Guidelines for Building a ‘Low Risk’ Investment Portfolio

January 11, 2022

Sometimes, the investment market is rock solid. That’s not the case coming into 2022, with increased volatility in December 2021 leading some analysts to predict the market could be headed for even more turbulence. Especially with the evolving status of COVID-19 and investor confidence.

And in market conditions like these, you could hardly be blamed for seeking safe investments.

Here are a few essential rules for building a low risk investment portfolio and a few ideas to help you get started.

Rule #1: Know What Low Risk Means to You

First and foremost, you have to know what low risk means to you. After all, what one investor may consider low risk may be far too risky for someone else. It’s all about your risk tolerance.

Risk tolerance is the degree of return variability an investor is comfortable with. Or, put another way, it’s the amount of loss you’re willing to tolerate in your portfolio. In investing, risk and reward often go hand in hand. An aggressive investor is willing to risk losing money if it means they might get a bigger payoff. A conservative investor is more concerned with preserving their original investment.

Most people fall somewhere between the two. However, if you’re looking to build a lower risk investment portfolio, you’re probably closer to the conservative side.

You should also take your goals into account. You could be investing for just about anything, whether it’s sending a child to college, saving for retirement, or even buying a house. But you should be crystal clear on what you’re investing for and what your timeline is. Remember, the closer you are to the date when you need the money, the safer you need to be.

Rule #2: Choose an Account That Suits You

Once you know what you’re trying to achieve and what your risk tolerance is, you can look into various types of investment accounts to find the right fit for your needs. Typically, these accounts are designed based on your investment goals. An IRA, for example, is an investment account designed for retirement savings, while a 529 plan is a college savings account.

You can select an account type based on two things:

  1. What you’re investing for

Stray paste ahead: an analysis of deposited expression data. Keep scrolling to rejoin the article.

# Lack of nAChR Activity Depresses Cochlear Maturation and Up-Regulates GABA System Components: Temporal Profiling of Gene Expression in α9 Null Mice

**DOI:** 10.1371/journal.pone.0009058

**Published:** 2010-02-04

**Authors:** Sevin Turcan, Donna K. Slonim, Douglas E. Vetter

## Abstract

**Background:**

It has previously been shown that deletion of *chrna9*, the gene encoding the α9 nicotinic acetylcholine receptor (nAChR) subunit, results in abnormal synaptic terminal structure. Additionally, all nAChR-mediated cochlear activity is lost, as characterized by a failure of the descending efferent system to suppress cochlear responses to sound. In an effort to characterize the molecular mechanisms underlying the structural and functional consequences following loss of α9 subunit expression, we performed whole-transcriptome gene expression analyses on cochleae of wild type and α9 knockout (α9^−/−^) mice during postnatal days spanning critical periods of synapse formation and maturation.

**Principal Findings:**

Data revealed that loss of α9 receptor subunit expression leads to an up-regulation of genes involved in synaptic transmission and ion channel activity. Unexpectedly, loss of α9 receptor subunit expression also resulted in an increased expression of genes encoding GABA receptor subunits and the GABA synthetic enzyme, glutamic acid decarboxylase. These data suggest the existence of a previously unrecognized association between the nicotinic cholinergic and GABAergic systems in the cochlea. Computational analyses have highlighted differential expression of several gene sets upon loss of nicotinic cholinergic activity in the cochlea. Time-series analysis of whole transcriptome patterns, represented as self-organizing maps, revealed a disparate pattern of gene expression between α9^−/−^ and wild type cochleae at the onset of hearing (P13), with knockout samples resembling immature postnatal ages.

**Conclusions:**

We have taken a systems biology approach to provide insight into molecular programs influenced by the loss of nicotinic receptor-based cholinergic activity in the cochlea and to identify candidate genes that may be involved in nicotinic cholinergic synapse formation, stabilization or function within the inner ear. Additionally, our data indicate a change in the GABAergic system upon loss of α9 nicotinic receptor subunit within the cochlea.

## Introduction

2. How soon you need the money

What you’re investing for will automatically rule out certain investment accounts. You wouldn’t use a 401(k) to send your child to college. After that, it becomes a question of how soon you need access to your investment funds. If you need the money within the next five years, you’re probably better off with a high-yield savings account than an investment account.

Rule #3: Research Safe Investment Options

While there are several safe investment options, the right one depends on what you want the investment to do.

For example, if you’re looking for some growth over a period of a decade or more and are willing to tolerate a little risk, preferred dividends may be a good choice. These are dividends allocated and paid to a company’s preferred shares.

However, if you’re looking for upfront money with some interest and minimal risk, one of the safest options is a government bond. This is essentially an IOU to the government—you give the government a loan and it pays you back with interest (not much interest, but some).

Rule #4: Decide on Asset Allocation—and Diversify

Asset allocation is the process of spreading your portfolio among many different types of investments to mitigate risks attached to any one investment—and it’s one of the most important things you can do to build a low risk investment portfolio. If one of your investments doesn’t pan out, your portfolio won’t lose all its value.

Your asset allocation and how you diversify is highly personal. It considers anything from your age to your risk tolerance to your personality. If you lose sleep at night because an investment suffered short-term losses, that investment isn’t worth the stress and you’re better off shopping for a different investment asset.

Rule #5: Don’t Forget to Rebalance

Last but not least, don’t forget the second cardinal rule of disciplined investing: rebalancing.

Rebalancing your portfolio is when you realign the weightings of your portfolio assets to account for performance information and your goals. This should happen periodically to ensure that your investments are on track for what you hope to achieve.

Think of rebalancing as your portfolio checkup. Investing isn’t one-and-done—it’s a dynamic process, and you need to be aware of what’s happening in your portfolio. If an investment ends up being riskier than you thought or you’re not as happy with your asset allocation as you thought, you have to rebalance your portfolio to account for new information.

If you’re not sure how to rebalance your portfolio on your own, it can be extremely useful to consult with a financial planner.

A Safe Investment Portfolio Starts with Good Investments

Building a safe investment portfolio is all about finding the right investments and balancing the investments you have with options that level out your risk. And you have a lot of options beyond the stock market.